You know how we’ve been having that “leave room for” conversation at this site the last couple of weeks about the Oscar race? Sarah started it with Sam Mendes’s 1917, and then there’s Queen & Slim, and of course Bombshell, and we must also leave room for Greta Gerwig’s Little Women. It comes out at Christmas. The cast is STACKED: Meryl Streep, Laura Dern, Florence Pugh, Emma Watson, and of course Saoirse Ronan and Timothee Chalamet as Jo and Laurie. As I’ve said before, I can’t wait for the inevitable meltdown when people who haven’t read the book or seen the 1994 version go in cold and find out that Jo and Laurie don’t end up together. Because of the characters, of course, but also because of the actors who play them – Saoirse and Timmy are an Internet Couple, not a real couple, never a real couple, but two people many desperately want to be a couple. The shipping is real. 

The shippers have a LOT to savour then in the new issue of Entertainment Weekly. They are adorable together in the interview, having now worked together three times, which means, in a way, they’ve also grown up together. So this is like reading chemistry, if chemistry can be read, and no, not sexual chemistry, and not even, necessarily, sibling chemistry, and best friend chemistry doesn’t quite capture it either. These are people who understand each other through their work and in their work, they have to be vulnerable and raw in a way that is personal but that ultimately doesn’t “belong” to them, since they’re not being themselves in those moments. It’s a very specific dance among actors, which is what makes acting such a romantically strange art-form. And it’s exactly the kind of connection that you need for Jo and Laurie – that’s why we hurt that they don’t end up together but also why we don’t fight it. Because what they have is so right that to have them fall in love, conventionally, like it’s a fairy tale, would undermine their bond. This paragraph in the EW piece nails it:

“[Saoirse and Timothee] They’re modeling a new brand of movie stardom — pursuing projects with a point of view, adamantly being themselves in the public eye, subverting gender norms. Their androgynous fashion performance here reflects their wardrobe shake-ups in Little Women: Gerwig and Oscar-winning costumer Jacqueline Durran (Anna Karenina) had the two actors swapping clothes throughout filming, to reinforce the masculine-feminine fluidity between Jo and Laurie. “They are two halves,” as Pascal puts it. “These are really bold characters that are really different than you’ve seen them before.”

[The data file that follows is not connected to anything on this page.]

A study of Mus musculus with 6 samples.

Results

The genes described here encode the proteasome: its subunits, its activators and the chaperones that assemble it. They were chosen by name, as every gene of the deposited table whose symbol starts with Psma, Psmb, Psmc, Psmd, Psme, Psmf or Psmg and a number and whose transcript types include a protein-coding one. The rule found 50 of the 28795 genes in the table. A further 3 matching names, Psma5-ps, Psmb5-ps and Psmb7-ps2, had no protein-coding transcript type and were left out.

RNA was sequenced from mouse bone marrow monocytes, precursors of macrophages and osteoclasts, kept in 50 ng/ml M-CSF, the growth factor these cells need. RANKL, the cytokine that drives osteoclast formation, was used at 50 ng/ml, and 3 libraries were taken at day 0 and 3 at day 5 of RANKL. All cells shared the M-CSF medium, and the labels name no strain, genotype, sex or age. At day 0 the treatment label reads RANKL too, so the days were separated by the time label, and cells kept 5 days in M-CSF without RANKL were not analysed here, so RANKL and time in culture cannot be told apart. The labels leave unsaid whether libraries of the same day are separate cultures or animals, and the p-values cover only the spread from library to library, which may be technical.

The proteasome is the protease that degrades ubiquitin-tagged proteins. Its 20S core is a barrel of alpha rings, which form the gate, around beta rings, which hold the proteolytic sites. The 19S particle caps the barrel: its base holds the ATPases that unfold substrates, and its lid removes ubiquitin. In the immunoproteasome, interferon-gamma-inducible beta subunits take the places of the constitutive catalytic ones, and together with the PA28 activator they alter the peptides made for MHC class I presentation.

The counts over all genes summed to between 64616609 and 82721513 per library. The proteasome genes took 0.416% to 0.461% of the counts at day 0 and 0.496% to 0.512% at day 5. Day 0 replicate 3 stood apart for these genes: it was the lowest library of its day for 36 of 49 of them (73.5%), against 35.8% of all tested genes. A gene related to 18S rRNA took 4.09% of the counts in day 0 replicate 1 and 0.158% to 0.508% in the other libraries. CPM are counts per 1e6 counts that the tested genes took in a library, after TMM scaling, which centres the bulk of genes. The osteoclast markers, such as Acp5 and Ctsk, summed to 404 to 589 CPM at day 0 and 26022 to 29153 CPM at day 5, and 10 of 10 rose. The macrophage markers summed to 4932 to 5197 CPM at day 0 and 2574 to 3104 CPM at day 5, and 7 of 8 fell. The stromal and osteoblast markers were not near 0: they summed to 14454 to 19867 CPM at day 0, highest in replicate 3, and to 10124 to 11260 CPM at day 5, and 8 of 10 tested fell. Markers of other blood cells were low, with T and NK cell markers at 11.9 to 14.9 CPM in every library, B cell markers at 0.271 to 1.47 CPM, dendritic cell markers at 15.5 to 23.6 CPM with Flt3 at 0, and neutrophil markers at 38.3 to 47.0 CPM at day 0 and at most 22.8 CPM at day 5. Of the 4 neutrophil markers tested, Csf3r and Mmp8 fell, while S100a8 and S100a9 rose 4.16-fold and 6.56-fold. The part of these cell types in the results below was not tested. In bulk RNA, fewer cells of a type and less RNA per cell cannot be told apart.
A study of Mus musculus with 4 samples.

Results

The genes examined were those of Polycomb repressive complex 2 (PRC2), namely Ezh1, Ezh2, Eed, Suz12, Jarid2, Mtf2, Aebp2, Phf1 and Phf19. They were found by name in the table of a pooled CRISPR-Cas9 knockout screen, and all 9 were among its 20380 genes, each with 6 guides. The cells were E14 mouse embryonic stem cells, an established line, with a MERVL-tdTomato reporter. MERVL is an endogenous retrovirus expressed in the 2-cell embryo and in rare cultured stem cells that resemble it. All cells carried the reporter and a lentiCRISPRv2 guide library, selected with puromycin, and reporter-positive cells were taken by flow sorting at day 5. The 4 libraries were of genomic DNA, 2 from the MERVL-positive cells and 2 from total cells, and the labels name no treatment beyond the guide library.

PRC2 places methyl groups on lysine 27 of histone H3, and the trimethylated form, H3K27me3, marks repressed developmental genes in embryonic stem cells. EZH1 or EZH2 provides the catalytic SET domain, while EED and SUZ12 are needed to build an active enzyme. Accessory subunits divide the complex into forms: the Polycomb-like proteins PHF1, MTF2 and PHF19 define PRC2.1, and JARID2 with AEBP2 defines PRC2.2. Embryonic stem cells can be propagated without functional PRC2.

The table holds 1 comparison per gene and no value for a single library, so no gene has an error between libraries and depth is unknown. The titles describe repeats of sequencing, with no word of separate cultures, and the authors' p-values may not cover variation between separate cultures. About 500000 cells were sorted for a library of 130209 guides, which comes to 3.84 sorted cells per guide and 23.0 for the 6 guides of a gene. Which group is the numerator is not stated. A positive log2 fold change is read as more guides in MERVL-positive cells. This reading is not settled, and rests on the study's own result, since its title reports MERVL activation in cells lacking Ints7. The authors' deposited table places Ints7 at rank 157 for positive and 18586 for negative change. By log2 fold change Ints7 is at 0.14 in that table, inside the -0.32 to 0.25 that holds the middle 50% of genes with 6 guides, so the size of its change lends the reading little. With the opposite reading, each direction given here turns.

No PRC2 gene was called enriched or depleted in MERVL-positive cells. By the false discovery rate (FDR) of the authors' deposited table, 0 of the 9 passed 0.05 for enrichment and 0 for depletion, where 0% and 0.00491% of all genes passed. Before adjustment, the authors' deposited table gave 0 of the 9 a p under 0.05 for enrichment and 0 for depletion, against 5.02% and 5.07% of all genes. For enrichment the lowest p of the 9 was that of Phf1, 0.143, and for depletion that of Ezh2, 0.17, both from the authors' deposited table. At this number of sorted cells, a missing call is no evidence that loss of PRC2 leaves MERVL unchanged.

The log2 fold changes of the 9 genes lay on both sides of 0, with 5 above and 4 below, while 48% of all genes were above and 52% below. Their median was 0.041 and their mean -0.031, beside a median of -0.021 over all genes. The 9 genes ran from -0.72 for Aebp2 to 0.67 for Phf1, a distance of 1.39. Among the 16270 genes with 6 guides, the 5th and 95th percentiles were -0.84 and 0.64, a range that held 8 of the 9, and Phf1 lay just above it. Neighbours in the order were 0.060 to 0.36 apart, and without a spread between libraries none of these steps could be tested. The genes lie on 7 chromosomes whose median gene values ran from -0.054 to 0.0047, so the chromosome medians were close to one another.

But God there’s a lot going on in that paragraph, non? It’s both their characters and themselves, how in character they navigate their relationship with themselves and then each other and how in real life, they’re navigating the peculiar identity shift from adolescence to adulthood through the lens of the fame factor that can distort and claim identity in ways beyond their control. So far, they’ve handled it beautifully. 


That said…this isn’t the only love story happening here. The love story that’s equally as intense is the one between Saoirse and Greta Gerwig. Here’s how Saoirse describes working with Greta: 

“The two of us, it’s a relationship I have with no other director,” Ronan continues. “She makes me feel like I can try anything.” 

Isn’t that what you would say about a life partner? Reminds me of the lyrics in Kacey Musgraves’s song “Butterflies”:

Now you're lifting me up, instead of holding me down
Stealing my heart instead of stealing my crown
Untangled all the strings round my wings that were tied 

Kacey’s singing about a “lover”, in the traditional sense, but this is how Saoirse talks about her partnership with her director, Greta. It started with Lady Bird. It continues with Little Women. And I feel like there will be more. In the same way that Michael B Jordan and Ryan Coogler continue to find work together. And before that Martin Scorsese and Robert De Niro and Leonardo DiCaprio. These are muse-director relationships…although none of these are the closest comparison I would make to Saoirse and Greta. 

For that, what comes to mind for me are Kirsten Dunst and Sofia Coppola, maybe because I just re-watched Marie Antoinette the other night. At the time of its release, it wasn’t necessarily all that well received, and it is uneven for sure, but it didn’t deserve the dismissal it got when it first came out, and now that it’s been almost 15 years, and perspectives have shifted, you can understand why it became a cult favourite and what Sofia was trying to do with this story. Reading about Greta’s vision for Little Women reminded me so much of Sofia’s ambition for Marie Antoinette – from the connection between Jo and Laurie, mirrored in the trust and companionship between Marie Antoinette and King Louis, to Marie’s time, both frivolous and serious, with her best friends, which is also what we have in Little Women with the March sisters. 

Muse-director relationships are revered in Hollywood…when it’s men. But here are two examples of the female muse-director relationship that have given us some of our most memorable, beloved movies. (I mean, sure, we haven’t seen Little Women yet but people already lost their minds over the trailer, chances are the film will deliver.) Hopefully they’ll be considered with equal gravitas. 



A post shared by Entertainment Weekly (@entertainmentweekly) on


A post shared by Entertainment Weekly (@entertainmentweekly) on

Click here to read the full EW article on Saoirse Ronan, Timothee Chalamet, and Little Women.